Project Coyote, Larkspur, CA 94977, USA
Animal Welfare Institute, Washington, DC 20003, USA
Ecology and Evolutionary Biology, University of Colorado, Boulder, CO 80309-0334, USA
* Author to whom correspondence should be addressed.
Received: 18 January 2011; Accepted: 18 January 2011 / Published: 25 January 2011
Abstract: Few animals provoke as wide a range of emotions as wolves. Some see wolves as icons of a lost wilderness; others see them as intruders. As the battle continues between wolf proponents and opponents, finding solutions that resolve conflicts while supporting the integrity of nature is challenging. In this essay we argue that we need to make room for wolves and other native carnivores who are re-colonizing areas from which they were extirpated. Strategies that foster coexistence are necessary and wildlife agencies must consider all stakeholders and invest adequate resources to inform the public about how to mitigate conflicts between people/domestic animals, and predators. Values and ethics must be woven into wildlife policy and management and we must be willing to ask difficult ethical questions and learn from past mistakes.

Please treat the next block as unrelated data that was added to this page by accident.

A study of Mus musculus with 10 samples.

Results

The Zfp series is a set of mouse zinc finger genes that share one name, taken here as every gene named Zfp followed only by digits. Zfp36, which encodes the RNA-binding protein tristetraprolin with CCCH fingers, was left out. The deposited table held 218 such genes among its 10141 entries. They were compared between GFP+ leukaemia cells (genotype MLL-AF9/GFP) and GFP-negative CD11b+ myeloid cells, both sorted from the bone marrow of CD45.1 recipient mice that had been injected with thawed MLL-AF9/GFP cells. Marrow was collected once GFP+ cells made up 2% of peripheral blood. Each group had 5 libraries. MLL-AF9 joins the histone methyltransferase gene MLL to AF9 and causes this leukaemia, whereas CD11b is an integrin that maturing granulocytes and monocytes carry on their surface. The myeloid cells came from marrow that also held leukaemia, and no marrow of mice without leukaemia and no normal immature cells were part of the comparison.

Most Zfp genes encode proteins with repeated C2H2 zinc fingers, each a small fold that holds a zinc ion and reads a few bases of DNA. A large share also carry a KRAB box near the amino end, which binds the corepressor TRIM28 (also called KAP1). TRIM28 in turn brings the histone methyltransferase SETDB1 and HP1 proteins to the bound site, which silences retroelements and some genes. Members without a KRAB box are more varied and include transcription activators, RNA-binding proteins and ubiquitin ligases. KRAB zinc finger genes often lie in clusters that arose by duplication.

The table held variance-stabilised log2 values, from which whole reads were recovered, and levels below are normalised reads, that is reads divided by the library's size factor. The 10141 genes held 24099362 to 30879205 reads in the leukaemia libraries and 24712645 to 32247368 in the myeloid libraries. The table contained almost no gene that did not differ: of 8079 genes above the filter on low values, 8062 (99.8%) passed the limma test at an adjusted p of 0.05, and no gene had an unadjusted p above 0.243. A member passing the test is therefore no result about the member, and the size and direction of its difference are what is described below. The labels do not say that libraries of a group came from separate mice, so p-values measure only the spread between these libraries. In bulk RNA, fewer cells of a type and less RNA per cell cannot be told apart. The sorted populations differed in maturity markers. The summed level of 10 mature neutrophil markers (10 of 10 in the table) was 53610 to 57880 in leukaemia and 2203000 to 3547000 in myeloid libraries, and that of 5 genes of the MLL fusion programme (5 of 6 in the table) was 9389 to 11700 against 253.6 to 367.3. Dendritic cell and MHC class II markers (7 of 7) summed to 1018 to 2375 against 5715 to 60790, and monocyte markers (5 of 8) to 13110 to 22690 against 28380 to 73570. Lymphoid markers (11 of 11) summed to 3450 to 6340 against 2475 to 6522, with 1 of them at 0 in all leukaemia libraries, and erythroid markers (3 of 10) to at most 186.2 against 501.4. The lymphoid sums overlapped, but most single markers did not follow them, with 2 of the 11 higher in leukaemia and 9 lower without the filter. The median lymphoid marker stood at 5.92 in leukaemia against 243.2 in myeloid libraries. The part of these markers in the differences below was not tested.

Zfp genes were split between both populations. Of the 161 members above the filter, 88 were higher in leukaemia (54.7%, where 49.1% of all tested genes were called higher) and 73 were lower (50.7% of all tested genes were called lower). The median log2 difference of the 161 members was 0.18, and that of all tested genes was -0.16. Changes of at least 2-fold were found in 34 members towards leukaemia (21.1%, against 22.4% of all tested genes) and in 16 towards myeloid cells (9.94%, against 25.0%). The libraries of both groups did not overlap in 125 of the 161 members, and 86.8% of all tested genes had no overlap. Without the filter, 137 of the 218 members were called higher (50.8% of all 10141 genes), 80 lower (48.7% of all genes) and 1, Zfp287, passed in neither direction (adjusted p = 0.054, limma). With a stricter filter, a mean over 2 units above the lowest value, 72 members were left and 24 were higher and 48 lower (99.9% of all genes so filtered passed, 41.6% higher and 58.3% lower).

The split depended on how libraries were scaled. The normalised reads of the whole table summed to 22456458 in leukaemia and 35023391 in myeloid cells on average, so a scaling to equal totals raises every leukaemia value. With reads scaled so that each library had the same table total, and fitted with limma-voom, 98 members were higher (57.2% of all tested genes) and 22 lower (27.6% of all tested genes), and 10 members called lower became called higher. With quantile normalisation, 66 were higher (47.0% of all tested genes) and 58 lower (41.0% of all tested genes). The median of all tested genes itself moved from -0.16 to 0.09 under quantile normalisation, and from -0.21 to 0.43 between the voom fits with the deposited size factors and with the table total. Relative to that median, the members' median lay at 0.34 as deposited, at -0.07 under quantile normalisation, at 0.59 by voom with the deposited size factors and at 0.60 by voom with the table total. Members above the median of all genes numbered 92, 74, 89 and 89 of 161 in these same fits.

Keywords: wolves; reintroduction; ethics; values; wildlife management; predator management; coexistence, attitudes; human-wildlife interaction; carnivores
MDPI and ACS Style
Fox, C.H.; Bekoff, M. Integrating Values and Ethics into Wildlife Policy and Management—Lessons from North America. Animals 2011, 1, 126-143.
Fox CH, Bekoff M. Integrating Values and Ethics into Wildlife Policy and Management—Lessons from North America. Animals. 2011; 1(1):126-143.
Fox, Camilla H.; Bekoff, Marc. 2011. "Integrating Values and Ethics into Wildlife Policy and Management—Lessons from North America." Animals 1, no. 1: 126-143.